The Utah State legislature completed its usual two month annual session last week. In the course of two months, the legislators increased just slightly the funding for education, but not enough to even come close to changing Utah’s position as the state with the lowest funding per student in the entire United States, or to increase the pay of teachers and university professors, among the lowest paid in the country – but they did approve 35% plus pay increases for the governor and top state elected officials.
Nor did the legislature do anything to deal with the air pollution along the Wasatch Front – where something like 80% of the people live and where winter air quality is so bad that healthy people are often advised not to exercise and asthmatics and those with respiratory problems literally take their lives in their hands by venturing outside. In fact, the legislature passed a bill that forbid any restriction on the use of wood-burning stoves, even at times of the very worst air quality.
The Utah Senate did pass SCR 4, a resolution declared that energy development and grazing were the “highest and best use” for the Cedar Mesa area of Utah, in effect stating that industrializing the Mesa through energy development should be prioritized over preserving sacred cultural sites, Native American traditions and a breathtaking natural landscape that draws visitors from around the world.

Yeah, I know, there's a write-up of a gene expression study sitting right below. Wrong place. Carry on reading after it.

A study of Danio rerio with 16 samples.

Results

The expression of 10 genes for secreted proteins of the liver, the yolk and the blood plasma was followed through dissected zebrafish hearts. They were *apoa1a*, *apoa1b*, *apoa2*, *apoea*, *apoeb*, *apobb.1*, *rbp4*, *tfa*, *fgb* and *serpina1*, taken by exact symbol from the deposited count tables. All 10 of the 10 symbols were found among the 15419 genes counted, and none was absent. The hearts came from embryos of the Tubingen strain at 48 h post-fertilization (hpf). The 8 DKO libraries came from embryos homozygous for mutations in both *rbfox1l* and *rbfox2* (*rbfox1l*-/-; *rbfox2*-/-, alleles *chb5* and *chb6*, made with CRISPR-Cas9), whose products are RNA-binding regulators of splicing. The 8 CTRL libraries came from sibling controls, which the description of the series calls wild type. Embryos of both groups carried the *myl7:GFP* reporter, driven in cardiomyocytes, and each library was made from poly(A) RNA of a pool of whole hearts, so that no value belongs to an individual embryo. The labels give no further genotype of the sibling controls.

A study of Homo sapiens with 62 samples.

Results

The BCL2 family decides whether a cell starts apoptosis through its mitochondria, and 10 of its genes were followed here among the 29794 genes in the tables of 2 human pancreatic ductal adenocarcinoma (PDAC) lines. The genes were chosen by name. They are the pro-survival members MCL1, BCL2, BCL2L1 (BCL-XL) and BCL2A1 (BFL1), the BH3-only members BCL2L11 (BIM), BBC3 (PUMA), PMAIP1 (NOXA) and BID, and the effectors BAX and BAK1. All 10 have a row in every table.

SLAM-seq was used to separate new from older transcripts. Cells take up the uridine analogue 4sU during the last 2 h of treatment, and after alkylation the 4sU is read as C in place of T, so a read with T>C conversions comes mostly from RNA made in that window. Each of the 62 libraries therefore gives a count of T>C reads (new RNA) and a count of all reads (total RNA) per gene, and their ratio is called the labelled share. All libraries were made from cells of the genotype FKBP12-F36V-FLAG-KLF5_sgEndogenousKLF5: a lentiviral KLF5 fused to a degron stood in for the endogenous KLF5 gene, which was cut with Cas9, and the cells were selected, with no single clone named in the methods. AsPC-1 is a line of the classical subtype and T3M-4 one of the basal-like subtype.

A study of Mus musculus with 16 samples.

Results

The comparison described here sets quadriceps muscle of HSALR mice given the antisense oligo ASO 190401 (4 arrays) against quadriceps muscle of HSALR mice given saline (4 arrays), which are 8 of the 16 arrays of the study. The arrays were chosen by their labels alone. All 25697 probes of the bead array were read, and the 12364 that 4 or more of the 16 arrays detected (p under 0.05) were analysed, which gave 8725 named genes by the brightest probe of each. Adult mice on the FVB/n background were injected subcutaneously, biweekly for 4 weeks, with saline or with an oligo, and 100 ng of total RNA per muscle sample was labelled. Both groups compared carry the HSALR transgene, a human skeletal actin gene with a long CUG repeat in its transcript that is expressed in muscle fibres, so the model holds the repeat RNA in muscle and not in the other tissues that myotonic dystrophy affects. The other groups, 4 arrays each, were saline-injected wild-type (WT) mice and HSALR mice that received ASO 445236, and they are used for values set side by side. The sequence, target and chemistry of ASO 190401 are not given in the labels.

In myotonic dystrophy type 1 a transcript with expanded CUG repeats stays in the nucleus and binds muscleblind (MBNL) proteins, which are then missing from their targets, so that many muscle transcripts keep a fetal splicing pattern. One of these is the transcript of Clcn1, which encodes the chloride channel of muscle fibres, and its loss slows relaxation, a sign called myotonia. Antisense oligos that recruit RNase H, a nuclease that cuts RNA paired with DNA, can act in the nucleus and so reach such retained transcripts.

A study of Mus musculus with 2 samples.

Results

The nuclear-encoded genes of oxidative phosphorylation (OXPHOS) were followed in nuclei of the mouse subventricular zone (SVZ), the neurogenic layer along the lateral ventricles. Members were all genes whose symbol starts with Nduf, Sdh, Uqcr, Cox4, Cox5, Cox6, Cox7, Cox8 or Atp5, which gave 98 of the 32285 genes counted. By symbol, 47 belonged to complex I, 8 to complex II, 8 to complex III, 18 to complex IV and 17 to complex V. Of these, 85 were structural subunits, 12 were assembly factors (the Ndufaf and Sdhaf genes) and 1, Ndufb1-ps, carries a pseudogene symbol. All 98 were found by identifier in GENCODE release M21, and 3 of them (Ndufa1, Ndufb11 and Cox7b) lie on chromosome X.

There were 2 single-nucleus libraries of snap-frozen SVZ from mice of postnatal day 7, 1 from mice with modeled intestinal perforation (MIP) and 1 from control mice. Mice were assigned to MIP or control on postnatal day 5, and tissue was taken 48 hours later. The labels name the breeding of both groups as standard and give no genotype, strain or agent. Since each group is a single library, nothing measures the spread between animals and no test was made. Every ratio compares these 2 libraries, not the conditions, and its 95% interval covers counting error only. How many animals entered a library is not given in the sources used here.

Because the legislature was concerned about the availability of drugs for execution through lethal injection, the legislature decided to revive death by firing squad as an alternative.
Oh, yes, the legislature also refused any expansion of the Affordable Care Act in Utah, even though the federal government would pay for it, and even voted down a far more modest proposal offered by the Republican governor.
To cap it all off, after all that, the legislature then approved a bill, and appropriated funds, to pay “stipends” to football players at Utah State – in addition to their full scholarships, for the ostensible reason that doing so would bring more tourism to USU and Logan, Utah.